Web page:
ComfortDelGro Corporation Ltd (SGX: C52), or Comfort for short, is a land transportation behemoth with business interests in bus, rail, and taxis. Aside from Singapore, the group has a presence in six other countries – China, the UK, Australia, Malaysia, Ireland and Vietnam.
Investors can recall the troubles associated with Comfort’s taxi fleet when Uber Technologies Inc (NYSE: UBER) started to operate and expand its fleet aggressively in Singapore back in 2013. In that same year, Grab Singapore (a home-grown ride hailing company) also started its operations and expanded aggressively with the assistance from venture capitalists.
The price wars got so bad from 2013 through to 2018 that Comfort’s taxi fleet shrank to its lowest level in a decade, to just 13,244 (down 22% from its December 2015 fleet size). In March 2018, Uber was sent packing from Singapore when Grab acquired its Southeast Asian operations, just months after Comfort had signed a strategic collaboration deal with Uber.
So the key issue is one many Singaporean companies will have to grapple with – potential disruption. More specifically for Comfort though, are ride-hailing companies such as Grab and Gojek (a new Indonesian ride-hailing company which entered Singapore in late-2018) still a major threat to it?
Comfort adding 200 taxis to its fleet
Comfort announced recently that it was adding 200 new taxis to its fleet, in what was the first addition to the fleet in 18 months. According to the group, this was due to more people switching from driving private hire cars to driving taxis instead, as driving taxis was more “stable”. The last time Comfort placed an order for taxis was in December 2016.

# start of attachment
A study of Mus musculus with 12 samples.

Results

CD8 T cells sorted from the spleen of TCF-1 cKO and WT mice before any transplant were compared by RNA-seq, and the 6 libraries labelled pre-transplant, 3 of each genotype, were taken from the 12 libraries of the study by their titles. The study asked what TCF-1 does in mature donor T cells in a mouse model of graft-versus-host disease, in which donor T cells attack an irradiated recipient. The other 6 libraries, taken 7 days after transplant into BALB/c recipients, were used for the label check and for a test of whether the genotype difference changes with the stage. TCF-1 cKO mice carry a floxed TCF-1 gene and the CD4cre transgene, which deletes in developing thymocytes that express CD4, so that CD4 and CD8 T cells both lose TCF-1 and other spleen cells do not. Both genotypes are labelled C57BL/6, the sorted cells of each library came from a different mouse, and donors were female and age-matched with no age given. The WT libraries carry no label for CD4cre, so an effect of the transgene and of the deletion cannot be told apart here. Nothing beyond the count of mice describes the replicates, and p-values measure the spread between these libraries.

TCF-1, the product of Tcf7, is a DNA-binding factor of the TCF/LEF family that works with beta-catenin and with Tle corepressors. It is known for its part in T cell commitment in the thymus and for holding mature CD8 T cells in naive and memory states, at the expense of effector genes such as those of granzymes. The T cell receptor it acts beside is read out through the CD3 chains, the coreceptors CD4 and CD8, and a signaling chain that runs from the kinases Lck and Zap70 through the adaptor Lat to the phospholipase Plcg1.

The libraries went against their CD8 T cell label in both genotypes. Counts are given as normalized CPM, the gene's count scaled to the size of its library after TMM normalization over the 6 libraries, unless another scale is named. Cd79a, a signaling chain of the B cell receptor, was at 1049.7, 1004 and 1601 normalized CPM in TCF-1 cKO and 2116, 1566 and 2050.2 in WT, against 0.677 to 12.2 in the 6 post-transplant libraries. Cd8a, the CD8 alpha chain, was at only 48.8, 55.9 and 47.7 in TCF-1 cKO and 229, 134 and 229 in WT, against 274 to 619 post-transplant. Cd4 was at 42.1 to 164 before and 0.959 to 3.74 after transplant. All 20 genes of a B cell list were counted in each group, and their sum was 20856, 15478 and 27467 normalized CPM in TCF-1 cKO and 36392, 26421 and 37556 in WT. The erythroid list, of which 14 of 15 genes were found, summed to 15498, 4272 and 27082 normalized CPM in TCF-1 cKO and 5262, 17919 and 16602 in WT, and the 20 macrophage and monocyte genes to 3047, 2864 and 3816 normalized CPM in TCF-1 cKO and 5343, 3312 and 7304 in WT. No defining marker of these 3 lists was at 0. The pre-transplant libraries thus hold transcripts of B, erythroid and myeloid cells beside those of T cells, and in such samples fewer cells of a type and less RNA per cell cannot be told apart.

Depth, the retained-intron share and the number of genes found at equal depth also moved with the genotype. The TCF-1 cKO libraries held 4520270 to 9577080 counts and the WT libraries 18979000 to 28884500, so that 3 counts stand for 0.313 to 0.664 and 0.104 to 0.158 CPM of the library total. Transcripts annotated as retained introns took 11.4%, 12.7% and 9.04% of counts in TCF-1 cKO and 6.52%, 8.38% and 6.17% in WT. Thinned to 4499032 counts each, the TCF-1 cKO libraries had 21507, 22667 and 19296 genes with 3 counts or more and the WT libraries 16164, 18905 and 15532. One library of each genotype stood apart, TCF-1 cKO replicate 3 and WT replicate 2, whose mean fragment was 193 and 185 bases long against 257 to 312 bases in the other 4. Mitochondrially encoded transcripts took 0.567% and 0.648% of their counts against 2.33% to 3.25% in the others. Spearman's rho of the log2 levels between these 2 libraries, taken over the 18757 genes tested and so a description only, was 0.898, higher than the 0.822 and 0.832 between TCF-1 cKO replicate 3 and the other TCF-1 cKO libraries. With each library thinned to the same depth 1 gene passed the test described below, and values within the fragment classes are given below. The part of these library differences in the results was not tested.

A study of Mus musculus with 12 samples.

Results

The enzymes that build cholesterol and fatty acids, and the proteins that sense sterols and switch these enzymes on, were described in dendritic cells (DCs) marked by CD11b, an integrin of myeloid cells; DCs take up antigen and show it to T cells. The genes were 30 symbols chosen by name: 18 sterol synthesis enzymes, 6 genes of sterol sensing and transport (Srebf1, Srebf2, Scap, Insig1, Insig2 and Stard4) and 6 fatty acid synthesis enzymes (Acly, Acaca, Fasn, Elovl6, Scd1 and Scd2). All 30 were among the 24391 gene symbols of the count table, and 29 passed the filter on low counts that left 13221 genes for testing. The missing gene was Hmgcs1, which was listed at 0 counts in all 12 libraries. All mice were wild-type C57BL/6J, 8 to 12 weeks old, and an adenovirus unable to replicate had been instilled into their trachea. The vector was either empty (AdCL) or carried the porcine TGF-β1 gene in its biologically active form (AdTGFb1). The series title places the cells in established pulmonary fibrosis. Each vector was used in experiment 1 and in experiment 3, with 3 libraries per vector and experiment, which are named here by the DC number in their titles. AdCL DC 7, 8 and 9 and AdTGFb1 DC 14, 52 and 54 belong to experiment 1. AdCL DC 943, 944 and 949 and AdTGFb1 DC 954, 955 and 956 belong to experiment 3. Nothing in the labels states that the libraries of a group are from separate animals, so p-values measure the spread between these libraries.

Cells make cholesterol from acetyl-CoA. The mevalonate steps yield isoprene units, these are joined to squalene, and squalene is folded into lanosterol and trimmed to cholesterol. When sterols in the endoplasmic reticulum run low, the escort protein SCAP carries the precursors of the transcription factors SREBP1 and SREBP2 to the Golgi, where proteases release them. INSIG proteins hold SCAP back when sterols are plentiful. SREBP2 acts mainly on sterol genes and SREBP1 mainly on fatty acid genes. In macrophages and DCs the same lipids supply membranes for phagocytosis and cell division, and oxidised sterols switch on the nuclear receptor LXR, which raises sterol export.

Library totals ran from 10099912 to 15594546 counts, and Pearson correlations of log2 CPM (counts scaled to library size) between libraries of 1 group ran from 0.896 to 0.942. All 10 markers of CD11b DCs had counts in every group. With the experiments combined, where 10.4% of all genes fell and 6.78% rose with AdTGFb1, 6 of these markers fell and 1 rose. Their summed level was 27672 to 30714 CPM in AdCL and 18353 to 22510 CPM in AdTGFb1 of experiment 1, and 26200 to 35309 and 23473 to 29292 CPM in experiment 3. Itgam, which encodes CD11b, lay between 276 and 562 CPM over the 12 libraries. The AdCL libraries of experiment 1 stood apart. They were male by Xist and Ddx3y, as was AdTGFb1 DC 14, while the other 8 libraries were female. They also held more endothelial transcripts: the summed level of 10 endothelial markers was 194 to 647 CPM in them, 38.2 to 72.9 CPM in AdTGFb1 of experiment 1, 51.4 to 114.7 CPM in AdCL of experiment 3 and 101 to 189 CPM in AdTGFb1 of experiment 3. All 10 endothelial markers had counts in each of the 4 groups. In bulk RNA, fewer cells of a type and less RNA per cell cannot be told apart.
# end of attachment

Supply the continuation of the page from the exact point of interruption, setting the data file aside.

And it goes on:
Dynamic fare implementation
Barely two weeks ago, Comfort declared its intention to implement dynamic pricing, along with a plan to open up its booking app to Grab and Gojek drivers. Though reasons remain unclear at this point, this move may be an attempt to stem the exodus of taxi drivers into the private hire market. The problem is that this move may backfire as it will start to blur the lines between taxis and private hire cars, with commuters lumping them together as one and the same.
Grab and Gojek attempt to become “super-apps”
Grab and Gojek are also not sitting still, with both companies adding to their respective fleets too. However, these companies also have a larger purpose in mind, which is to become a “super-app” for users to access all kinds of services, similar to the concept of an “app within an app” developed by Chinese companies such as Tencent Holdings Ltd (HKSE: 700). This goal makes them spread their resources out to different functions rather than simply ride-hailing alone and could provide some respite to Comfort.
The above evidence points to a stabilising situation for Comfort, as they are beginning to order new taxis again, possibly signalling increased demand for taxis in the near future. However, the planned implementation of dynamic pricing could work against Comfort if it cannot differentiate itself from the ride-hailing companies. This is something investors need to watch closely for developments.
In addition, Grab and Gojek are no pushovers either as both companies, though unprofitable, have massive funding backing them. So even if it looks as though the battle may be over for now, another war could be about to commence.